In a move that may positively impact over 10 million people living on the coastline, India today started a 43 million dollar project to boost climate resilience in three coastal states in partnership with the United Nations Development Programme (UNDP).
The project is funded by the Green Climate Fund, established within the framework of the United Nations Framework Convention on Climate Change (UNFCCC) to assist developing countries.
The six-year project will build climate-resilient livelihoods for 1.7 million people in Andhra Pradesh, Maharashtra and Odisha, offset 3.5 million tonnes of carbon, protect vulnerable ecosystems, and benefit another 10 million people with improved shoreline protection, the UNDP said in a statement.
"India's coastal areas are quite vulnerable to climate change and in the last five years, we have seen increased floods and cyclones in these regions. This pace-setting new initiative will help enhance resilience and adaptability, lead to emissions reductions and support sustainable livelihoods," said Ravi Shankar Prasad, additional secretary in the Environment Ministry.
"It aligns well with the priorities of the National Action Plan on Climate Change, the State Action Plans, and the nationally determined contributions under the Paris Agreement," he said.
The Indian government will finance an additional 86.8 million dollars towards the new project to mainstream and accelerate the impacts of the Green Climate Fund grant.
Shoko Noda, UNDP India Resident Representative, said this initiative will not just build climate resilience among people living on India's coasts, it will also have considerable long-term environmental benefits.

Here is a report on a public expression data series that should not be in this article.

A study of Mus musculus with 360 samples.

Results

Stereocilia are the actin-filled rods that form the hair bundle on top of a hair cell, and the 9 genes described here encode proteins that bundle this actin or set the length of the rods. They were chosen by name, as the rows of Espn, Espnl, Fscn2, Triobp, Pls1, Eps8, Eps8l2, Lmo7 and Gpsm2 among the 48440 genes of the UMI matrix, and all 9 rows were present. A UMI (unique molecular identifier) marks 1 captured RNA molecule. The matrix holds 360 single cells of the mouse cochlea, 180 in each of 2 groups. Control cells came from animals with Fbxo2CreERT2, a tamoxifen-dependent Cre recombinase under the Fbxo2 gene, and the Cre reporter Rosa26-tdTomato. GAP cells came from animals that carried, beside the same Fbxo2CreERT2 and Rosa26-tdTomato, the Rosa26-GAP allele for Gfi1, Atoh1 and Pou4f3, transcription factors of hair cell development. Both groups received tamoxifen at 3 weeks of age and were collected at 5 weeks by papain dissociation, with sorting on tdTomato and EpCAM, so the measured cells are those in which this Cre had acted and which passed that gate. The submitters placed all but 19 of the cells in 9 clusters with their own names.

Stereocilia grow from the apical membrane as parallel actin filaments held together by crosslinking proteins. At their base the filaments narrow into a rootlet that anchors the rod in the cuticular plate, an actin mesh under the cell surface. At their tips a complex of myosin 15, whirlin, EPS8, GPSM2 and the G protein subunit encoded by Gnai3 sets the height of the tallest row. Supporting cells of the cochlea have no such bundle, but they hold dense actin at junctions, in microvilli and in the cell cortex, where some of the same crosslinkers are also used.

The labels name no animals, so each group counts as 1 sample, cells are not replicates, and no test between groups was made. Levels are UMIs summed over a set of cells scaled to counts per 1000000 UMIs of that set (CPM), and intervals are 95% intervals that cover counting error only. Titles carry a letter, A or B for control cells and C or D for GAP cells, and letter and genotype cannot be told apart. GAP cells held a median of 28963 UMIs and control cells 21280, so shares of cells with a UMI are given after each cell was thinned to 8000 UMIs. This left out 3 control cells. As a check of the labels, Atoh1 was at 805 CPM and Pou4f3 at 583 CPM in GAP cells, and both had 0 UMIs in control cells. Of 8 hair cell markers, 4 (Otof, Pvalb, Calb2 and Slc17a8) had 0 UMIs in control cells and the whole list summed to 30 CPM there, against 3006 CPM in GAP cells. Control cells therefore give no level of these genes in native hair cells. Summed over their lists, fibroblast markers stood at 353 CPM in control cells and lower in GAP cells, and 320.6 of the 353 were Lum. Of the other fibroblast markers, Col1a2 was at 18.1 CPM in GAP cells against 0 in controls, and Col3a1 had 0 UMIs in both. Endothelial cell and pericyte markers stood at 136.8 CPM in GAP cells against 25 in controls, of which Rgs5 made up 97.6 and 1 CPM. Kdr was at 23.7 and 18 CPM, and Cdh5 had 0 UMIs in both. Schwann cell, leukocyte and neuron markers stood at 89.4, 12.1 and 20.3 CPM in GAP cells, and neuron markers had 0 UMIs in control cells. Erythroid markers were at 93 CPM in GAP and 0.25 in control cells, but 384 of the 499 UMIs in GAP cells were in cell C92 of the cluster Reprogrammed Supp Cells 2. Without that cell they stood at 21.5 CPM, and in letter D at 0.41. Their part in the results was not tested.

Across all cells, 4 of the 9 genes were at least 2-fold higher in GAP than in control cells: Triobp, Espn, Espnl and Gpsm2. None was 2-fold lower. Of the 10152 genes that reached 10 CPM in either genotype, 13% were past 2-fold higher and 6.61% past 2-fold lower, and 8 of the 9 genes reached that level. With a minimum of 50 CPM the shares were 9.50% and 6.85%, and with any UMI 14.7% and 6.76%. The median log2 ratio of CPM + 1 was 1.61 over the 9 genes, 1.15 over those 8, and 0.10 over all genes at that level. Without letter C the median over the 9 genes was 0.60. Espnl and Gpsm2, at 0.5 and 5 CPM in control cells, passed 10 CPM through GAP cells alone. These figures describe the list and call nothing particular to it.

The project will work with communities in restoring ecosystems and promoting climate-resilient livelihood options, such as the sustainable farming of mud crabs.
"It establishes India as a leader on climate action, and marks an essential step for India to reach its goals outlined in the Paris Agreement and 2030 Agenda for Sustainable Development," the UNDP said.
This initiative will particularly address India's strategic plan to achieve its nationally determined contributions under the Paris Agreement, which focuses on adaptation efforts in vulnerable communities, it said.
"Over 1.7 million people are expected to directly benefit from livelihoods support, with another 10 million indirectly benefiting from improved shoreline protection. The initiative will also focus on providing tangible benefits for vulnerable communities, including women, female-headed households, young people and the elderly, and members of Scheduled Castes and Tribes," the UN body said.
It said through the project, over 3.5 million tonnes of carbon dioxide will be sequestered through restored ecosystems over the next 30 years.
To protect life on land and below water as outlined in the 2030 Agenda, project activities will focus on restoration and conservation of over 15,000 hectares of mangroves, coral reefs, sea grasses and salt marshes. Communities, including the local youth, will be trained to work with scientists in monitoring ecosystem health and coastal ecology.
To strengthen climate risk-informed coastal management and infrastructure planning, the innovative project will create an online decision-support tool available via mobile phone for use by government officers, academic institutions, community members and scientists.
The project will also build local knowledge of climate change and the associated risks via training and public education programmes, the UNDP said.